While Crash's controls are great, his latest game's shallow gameplay and focus on backtracking kills his bandicoot buzz.
I have not played a Crash Bandicoot game since the PlayStation era. As far as I knew before this game, this series was struggling to swim in a sea of better games. The latest game in the series on Wii, Crash: Mind Over Mutant, is not a perfect game, but in an age where platformers are dying, it's a breath of fresh air despite some problems.
The story to this game isn't too important, but it is actually very funny. It's very self-referential and aware that it is a video game. The series' perennial villain, Neo Cortex, is back, and he's aided by the series' first villain, as we are reminded in a joke in an early cut scene, Dr. N. Brio. Cut-scenes regarding the main story are done in a different style each time. I've seen an old film-style cut-scene and even one where the main characters are presented as sock puppets.
Inventive storytelling methods aside, the game has no apparent problems. Crash is a perfectly exuberant star, and the controls are relatively intuitive. The only problem I ran into with the controls was on the occasion when the speedy little bandicoot would run too fast and either almost or completely run off the edge. As far as motion controls go, Crash's trademark spin is done by a flick of the wrist and works quite well. Due to the still camera setup, jumps are occasionally hard to judge where you land. However, Crash's shadow is always shown on the ground, and this aids in fixing the problem.
After the controls set in, players are then introduced to the mutants, who saw their beginning in last year's Crash of the Titans. Mutants are creatures that Crash can mind control and get to do his bidding. This is the beginning of the end. With the exception of a few Crash-only parts, all of the focus from that point forward is focused on which mutant is needed to use to solve each puzzle. The game is dictated by finding mutants to clear obstacles.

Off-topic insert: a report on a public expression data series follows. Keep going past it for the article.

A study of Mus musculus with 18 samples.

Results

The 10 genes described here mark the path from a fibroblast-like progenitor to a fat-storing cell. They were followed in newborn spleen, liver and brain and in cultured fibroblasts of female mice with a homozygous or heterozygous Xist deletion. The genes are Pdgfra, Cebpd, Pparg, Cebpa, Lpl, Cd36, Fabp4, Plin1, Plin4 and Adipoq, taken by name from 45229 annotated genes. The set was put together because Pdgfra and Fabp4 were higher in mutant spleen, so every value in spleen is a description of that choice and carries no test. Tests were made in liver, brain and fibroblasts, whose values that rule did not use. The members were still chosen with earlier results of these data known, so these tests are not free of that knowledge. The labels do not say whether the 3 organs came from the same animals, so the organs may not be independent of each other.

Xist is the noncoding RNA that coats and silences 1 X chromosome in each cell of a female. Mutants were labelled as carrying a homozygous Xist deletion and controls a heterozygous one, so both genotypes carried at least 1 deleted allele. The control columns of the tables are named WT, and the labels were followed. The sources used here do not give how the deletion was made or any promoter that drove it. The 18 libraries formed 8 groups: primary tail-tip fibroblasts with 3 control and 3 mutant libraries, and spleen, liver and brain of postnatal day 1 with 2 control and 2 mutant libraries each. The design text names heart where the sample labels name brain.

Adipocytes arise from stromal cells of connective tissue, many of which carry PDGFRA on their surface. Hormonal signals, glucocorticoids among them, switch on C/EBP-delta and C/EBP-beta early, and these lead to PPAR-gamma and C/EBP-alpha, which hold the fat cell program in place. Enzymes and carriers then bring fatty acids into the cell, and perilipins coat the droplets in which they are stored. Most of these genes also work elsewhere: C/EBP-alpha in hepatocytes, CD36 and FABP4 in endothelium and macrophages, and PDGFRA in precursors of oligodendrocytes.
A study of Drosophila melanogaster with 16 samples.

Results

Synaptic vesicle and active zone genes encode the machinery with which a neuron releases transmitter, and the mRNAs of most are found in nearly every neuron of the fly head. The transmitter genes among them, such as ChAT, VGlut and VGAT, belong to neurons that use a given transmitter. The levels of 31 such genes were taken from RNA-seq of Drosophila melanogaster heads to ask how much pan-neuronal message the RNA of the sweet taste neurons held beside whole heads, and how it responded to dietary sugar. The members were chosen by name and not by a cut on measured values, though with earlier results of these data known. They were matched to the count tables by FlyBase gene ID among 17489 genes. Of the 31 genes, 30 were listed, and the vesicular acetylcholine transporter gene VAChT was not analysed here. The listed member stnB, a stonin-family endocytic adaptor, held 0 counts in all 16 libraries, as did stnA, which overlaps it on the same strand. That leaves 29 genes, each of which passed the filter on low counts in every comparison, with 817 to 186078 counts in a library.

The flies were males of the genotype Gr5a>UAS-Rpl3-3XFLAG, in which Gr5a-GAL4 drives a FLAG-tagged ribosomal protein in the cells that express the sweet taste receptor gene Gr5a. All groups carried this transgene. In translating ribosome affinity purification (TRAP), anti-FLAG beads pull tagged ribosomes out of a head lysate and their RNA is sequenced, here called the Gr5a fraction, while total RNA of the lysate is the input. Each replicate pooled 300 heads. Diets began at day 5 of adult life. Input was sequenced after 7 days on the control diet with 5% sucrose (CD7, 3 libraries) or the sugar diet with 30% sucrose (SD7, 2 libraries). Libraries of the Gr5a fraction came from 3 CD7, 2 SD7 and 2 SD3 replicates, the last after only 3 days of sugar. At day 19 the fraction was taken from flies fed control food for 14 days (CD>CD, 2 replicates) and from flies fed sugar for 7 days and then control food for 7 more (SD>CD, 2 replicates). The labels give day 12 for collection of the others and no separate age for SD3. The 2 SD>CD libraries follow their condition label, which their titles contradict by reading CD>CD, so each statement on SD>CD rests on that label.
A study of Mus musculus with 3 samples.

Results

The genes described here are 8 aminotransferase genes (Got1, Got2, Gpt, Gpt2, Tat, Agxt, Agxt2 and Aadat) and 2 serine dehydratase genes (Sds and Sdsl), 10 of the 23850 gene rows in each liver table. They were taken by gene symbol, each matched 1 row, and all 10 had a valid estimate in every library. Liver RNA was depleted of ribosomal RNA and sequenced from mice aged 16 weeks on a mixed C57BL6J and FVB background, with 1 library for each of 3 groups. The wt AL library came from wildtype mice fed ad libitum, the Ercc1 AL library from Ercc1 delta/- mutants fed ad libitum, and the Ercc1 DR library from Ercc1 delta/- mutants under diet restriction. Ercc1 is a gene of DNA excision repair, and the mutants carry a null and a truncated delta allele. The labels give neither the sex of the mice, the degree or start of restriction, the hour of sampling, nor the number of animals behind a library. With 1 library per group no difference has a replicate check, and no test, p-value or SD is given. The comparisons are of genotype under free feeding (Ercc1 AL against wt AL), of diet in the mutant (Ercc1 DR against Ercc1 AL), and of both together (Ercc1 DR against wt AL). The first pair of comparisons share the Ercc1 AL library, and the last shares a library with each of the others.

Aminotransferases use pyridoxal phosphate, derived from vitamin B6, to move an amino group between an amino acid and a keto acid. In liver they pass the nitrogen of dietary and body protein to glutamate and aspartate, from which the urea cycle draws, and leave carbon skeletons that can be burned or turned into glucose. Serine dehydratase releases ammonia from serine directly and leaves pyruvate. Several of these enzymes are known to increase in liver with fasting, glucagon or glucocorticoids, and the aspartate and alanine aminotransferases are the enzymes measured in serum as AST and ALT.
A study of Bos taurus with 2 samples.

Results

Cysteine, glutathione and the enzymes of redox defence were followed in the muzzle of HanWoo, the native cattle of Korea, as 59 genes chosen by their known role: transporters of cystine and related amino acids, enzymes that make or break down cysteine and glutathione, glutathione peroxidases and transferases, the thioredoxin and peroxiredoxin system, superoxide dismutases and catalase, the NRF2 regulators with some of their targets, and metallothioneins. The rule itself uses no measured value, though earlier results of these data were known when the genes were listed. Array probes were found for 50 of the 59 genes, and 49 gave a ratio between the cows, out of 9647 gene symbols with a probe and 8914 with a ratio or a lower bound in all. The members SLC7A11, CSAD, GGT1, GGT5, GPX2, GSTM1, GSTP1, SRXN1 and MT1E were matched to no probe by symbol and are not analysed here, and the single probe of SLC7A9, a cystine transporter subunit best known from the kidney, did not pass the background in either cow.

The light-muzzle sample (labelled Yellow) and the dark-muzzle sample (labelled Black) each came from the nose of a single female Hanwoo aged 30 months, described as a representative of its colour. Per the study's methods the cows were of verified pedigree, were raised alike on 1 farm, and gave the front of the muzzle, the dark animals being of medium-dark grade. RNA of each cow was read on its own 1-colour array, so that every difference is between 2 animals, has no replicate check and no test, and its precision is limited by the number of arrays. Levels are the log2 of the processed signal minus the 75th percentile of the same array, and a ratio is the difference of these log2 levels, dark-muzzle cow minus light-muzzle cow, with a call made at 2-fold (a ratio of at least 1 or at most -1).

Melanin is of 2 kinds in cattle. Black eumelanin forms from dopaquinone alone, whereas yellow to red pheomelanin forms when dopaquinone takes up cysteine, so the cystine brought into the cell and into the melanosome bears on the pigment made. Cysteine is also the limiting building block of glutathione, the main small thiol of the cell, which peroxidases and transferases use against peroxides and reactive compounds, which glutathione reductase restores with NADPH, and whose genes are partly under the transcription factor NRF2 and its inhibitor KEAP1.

This segues nicely to the absurd amount of backtracking that is necessary in the game. After about an hour of fun time with the titular bandicoot, the game soon turns into a hunt to find the proper mutant to solve the problem at hand. This involves traversing over the somewhat barren overworld many times so you can do something like "find a mutant that spins." Last time I checked, Crash could spin; why can't he spin through the stupid wooden fence? Backtracking works in some games, namely Metroid, but the areas in this game offer little-to-no exploration, which makes backtracking even more tedious.
Throughout the game, Crash collects mojo, the upgrade currency of his world. Crash and all of the mutants can be upgraded, but you have no control over what gets upgraded when. Along the way, there are also some unlockables to be found, such as art books and hero skins. However, these are little more than small bonuses.
Crash: Mind Over Mutant also contains a drop-in, drop-out cooperative mode that makes use of Crash's sidekick, Coco. While it is fun, as both players can switch between the characters, mutants, and a weird tiki mask that shoots chickens, the lack of control over the camera cripples any fun that can be had in co-op. The camera only follows one character, who can very quickly leave the other one in the dust.
Crash's latest Wii outing is not without its faults, and most of the faults lie in the structure of the game. With too much focus on backtracking, this well-controlled platformer goes awry. The charming story and genuine humor are far overshadowed by the shallow gameplay. The mutants hurt the game even more. Playing as Crash Bandicoot is still fun, but this game is not so much Crash: Mind Over Mutant as it is Mutants: Mind Over Crash.